Trail endangers orchids along Virginia-West Virginia border
In 1996, a Virginia schoolteacher found a new species of orchid along an abandoned railroad bed on national forestland near the Mountain Lake Wilderness. Even though the Forest Service knew about the orchid, earlier this year they allowed a new multipurpose trail to be built through the orchids with minimal protection for the endangered plants. The construction of the Potts Valley Rail Trail through rare orchid habitat has raised questions about the balance of recreation and the protection of endangered species.
The rare orchid discoverer, Stan Bentley, retired from the Pulaski County, Va., school system, and literally wrote the book on Native Orchids of the Southern Appalachian Mountains. Since the orchid’s discovery in the late 90s, it has been found in only three counties in Virginia and two in West Virginia. Virginia has given the plant legal protection as an endangered species. At the federal level, the orchid remains a species of concern. However, barely a mile away from the Virginia border in West Virginia, the plants along the new trail have little legal protection.
The newly constructed five-mile Potts Valley Rail-Trail follows an old railroad bed along a slope near the South Fork of Potts Creek, a native brook trout stream. The trail crosses the Virginia-West Virginia border, and 90 percent of the trail is on national forest lands. The trail was spearheaded by Craig Mohler, a former commissioner in Monroe County, W.Va., where the trail begins. Mohler helped secure a $44,000 grant from the West Virginia Department of Transportation to complete the trail.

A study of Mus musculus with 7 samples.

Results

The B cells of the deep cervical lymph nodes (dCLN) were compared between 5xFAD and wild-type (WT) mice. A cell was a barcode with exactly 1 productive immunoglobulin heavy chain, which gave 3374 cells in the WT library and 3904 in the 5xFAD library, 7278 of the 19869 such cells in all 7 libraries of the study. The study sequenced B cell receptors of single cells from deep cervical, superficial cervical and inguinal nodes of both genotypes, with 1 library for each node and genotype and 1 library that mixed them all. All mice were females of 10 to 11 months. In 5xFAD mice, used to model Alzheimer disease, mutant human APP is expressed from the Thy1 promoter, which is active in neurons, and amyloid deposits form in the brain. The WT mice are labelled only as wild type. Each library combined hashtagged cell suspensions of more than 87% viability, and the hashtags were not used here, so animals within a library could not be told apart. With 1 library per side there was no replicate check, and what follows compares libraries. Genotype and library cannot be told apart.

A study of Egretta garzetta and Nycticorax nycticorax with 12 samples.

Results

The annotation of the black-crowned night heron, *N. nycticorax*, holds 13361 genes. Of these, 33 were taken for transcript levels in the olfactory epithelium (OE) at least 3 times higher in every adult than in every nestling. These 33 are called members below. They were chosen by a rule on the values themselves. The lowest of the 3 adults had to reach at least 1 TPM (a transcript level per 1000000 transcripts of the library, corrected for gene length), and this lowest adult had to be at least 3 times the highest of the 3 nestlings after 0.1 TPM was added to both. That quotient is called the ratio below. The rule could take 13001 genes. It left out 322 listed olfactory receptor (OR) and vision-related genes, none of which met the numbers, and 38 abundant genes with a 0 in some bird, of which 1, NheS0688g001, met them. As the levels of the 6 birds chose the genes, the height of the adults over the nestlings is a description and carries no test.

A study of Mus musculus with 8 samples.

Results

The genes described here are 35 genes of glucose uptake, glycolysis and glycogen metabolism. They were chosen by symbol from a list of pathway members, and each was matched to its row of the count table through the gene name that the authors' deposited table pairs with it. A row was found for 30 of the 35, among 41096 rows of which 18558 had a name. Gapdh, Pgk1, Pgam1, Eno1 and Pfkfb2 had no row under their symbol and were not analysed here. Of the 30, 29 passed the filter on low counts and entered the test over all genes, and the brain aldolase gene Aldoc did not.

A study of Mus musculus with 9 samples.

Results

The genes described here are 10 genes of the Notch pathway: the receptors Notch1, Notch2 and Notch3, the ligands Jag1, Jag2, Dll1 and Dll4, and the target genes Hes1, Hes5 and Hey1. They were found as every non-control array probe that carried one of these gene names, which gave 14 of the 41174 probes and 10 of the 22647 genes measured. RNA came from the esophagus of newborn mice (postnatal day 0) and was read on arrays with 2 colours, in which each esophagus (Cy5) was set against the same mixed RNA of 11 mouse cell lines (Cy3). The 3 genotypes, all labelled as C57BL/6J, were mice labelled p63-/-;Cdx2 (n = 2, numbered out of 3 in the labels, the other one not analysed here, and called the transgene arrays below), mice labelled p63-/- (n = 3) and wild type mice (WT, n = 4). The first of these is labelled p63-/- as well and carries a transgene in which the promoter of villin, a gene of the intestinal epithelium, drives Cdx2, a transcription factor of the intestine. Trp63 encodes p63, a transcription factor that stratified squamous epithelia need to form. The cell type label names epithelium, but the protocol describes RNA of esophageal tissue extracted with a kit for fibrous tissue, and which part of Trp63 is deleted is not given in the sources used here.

With that kind of backing and momentum, the Forest Service found it difficult to deny the trail outright, explains Jesse Overcash, field biologist for the Forest Service’s Eastern Divide Ranger District. And the rare orchids can’t be transplanted because of their complex interdependent relationship with soil fungi. The challenge now becomes how to protect orchid habitat along the trail.
“From the beginning, we wanted to protect that core area where the plants were originally discovered,” says Overcash. He has helped design barriers to keep the orchids from being trampled, and the Forest Service is also doubling the size of the protected area. But the fate of the orchid now depends on users respecting trail boundaries on both sides of the Virginia-West Virginia border.